How Obama is losing Colombia
After more than a decade of close relations, the U.S.-Colombia strategic partnership is fraying under the Obama administration. Begun under the Clinton administration with the implementation of Plan Colombia and supported throughout the George W. Bush years, the partnership has brought manifold benefits to both countries: Colombian cities are now safe from narco–terrorist violence and ...
After more than a decade of close relations, the U.S.-Colombia strategic partnership is fraying under the Obama administration. Begun under the Clinton administration with the implementation of Plan Colombia and supported throughout the George W. Bush years, the partnership has brought manifold benefits to both countries: Colombian cities are now safe from narco–terrorist violence and stability has been restored in a strategically located South American country. Sadly, this alliance is now adrift.
The first blow was the Administration’s failure to move with any alacrity to secure congressional approval of the Colombia Free Trade Agreement, negotiated under President Bush. Recent stirrings on this front do nothing to mitigate the harm this has done to U.S. credibility in the eyes of most Colombians — not to mention the rest of the region. Hugo Chavez has a had a field day with the issue, telling anyone who will listen that this is where you will wind up when you put your trust in the yanquis: alone at the altar.
Unsurprisingly, Colombian President Juan Manuel Santos has sought out new economic partners, which has forced him into a shaky détente of sorts with Colombia’s nemesis Chavez. As Defense Minister under former President Alvaro Uribe, Santos surely has no illusions about the dangers Chavez poses to Colombian sovereignty with his support for Colombian narco–terrorists. That Santos is willing to take the chance on seeking an accommodation with Chavez speaks volumes about his lack of faith in the current U.S. administration to stand behind him.
The distancing from the United States by our most stalwart ally in the region is currently being made manifest in President Santos’s decision to extradite drug kingpin Walid Makled to Venezuela and not the United States. The Colombians arrested Makled, a Venezuelan national, last August on a U.S. warrant. However, while the United States dithered, Chavez swooped in with an extradition request. The reason for Chavez’s excessive interest in Makled? In jailhouse interviews, Makled has made numerous statements detailing the level of official Venezuelan complicity in his drug trafficking operations. Clearly, if he is returned to Venezuela, not only will his secrets go with him, but U.S. law enforcement will lose a crucial witness to bring cases against scores of drug traffickers. In a recent Oval Office meeting with Santos, President Obama made no effort to press for Makled’s extradition to the United States.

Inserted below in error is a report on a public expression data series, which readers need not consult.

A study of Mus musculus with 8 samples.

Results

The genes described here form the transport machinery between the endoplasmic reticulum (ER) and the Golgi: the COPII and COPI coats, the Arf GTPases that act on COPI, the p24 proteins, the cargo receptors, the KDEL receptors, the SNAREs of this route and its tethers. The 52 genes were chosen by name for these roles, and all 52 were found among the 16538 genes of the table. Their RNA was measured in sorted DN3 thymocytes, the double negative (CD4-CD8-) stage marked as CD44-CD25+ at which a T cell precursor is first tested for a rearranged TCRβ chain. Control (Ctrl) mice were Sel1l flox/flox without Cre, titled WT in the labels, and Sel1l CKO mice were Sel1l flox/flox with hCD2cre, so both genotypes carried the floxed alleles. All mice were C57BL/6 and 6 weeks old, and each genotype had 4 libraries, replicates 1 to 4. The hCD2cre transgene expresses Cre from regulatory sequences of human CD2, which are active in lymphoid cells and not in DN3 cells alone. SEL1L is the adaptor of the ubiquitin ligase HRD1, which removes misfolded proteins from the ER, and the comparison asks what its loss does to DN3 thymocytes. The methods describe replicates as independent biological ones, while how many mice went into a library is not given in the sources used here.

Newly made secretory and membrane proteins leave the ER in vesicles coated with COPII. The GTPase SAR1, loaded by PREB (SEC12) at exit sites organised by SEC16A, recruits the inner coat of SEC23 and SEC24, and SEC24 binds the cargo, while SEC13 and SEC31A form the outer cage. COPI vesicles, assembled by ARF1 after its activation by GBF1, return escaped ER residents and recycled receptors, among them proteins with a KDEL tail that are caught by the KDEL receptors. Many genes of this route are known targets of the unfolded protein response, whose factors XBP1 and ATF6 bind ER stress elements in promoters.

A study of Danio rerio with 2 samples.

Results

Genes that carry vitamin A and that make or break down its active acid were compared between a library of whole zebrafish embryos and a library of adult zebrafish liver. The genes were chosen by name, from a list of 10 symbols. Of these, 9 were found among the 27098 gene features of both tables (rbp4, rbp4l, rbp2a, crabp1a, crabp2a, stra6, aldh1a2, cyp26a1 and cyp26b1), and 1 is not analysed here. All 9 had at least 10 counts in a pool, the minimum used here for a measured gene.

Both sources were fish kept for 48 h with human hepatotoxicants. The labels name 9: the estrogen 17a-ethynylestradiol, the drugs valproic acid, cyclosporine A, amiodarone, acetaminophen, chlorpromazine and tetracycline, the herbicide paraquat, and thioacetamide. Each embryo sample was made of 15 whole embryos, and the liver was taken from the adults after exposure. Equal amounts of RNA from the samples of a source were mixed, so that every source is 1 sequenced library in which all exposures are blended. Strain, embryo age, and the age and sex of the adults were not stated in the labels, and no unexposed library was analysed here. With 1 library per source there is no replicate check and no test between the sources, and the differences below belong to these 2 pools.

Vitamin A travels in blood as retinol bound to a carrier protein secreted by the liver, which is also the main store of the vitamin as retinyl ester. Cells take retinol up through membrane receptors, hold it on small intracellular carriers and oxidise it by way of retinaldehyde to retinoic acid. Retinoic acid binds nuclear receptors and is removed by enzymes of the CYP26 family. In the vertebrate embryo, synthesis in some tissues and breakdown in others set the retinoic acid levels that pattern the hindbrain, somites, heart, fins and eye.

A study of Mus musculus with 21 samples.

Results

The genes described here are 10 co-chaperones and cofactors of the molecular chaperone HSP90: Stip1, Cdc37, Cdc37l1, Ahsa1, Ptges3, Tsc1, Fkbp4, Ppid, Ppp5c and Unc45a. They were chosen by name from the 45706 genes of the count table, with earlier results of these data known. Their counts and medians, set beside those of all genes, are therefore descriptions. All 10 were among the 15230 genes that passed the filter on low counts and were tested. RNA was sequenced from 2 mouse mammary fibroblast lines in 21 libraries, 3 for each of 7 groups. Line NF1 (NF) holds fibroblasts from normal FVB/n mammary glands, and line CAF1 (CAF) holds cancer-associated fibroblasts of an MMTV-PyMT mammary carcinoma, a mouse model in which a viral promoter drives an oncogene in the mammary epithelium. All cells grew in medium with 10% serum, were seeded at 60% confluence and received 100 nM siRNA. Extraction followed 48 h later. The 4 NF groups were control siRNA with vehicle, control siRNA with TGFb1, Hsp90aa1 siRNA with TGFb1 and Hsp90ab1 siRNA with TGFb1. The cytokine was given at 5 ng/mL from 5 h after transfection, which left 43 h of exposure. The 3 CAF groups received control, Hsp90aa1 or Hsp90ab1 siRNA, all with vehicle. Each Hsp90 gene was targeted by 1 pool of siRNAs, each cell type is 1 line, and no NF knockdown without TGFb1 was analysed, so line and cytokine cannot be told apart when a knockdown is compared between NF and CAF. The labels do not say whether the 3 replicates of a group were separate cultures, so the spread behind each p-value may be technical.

A disturbing subtext to this depressing course of events is watching President Santos’s attempt also to distance himself from his wildly successful predecessor President Uribe, who left office with a 75 percent approval rating. (Santos recently took a public shot at Uribe for the latter’s support for sending Makled to the United States) Of course, any new president wants to establish his own identity, but there is something more afoot here.
For, despite the enormity of Uribe’s accomplishments, there has always existed a dogged passel of critics inside and outside of Colombia who have sought to tarnish the man and his legacy. They have always resented his success, his unabashed alignment with the United States, and his uncompromising, give-no-quarter stance towards left-wing guerrillas.
They are now seizing upon Santos’s current predicament to try and convince him to adopt a more "conciliatory" tone and work with Hugo Chavez to reduce "regional tensions." Santos risks answering this siren song at his own — and Colombia’s — peril. As if you could separate Uribe’s successes from the policies that achieved them.
With all that has been accomplished under Plan Colombia and the U.S.–Colombia strategic partnership, watching the current drift in bilateral relations is painful; but, more importantly, it’s dangerous. It threatens all the progress made in the past decade at the expense of many lives and much treasure. It’s probably too late for this administration to restore relations to what they were under the previous two administrations. The best hope is that House Republicans, who respect and understand what the two countries have achieved together, try in some ways to maintain close ties. However, even they are troubled by the Makled decision . Losing Colombia is no way to hit the "reset" button in U.S. relations in the Western Hemisphere; instead, it’s hitting the trap door.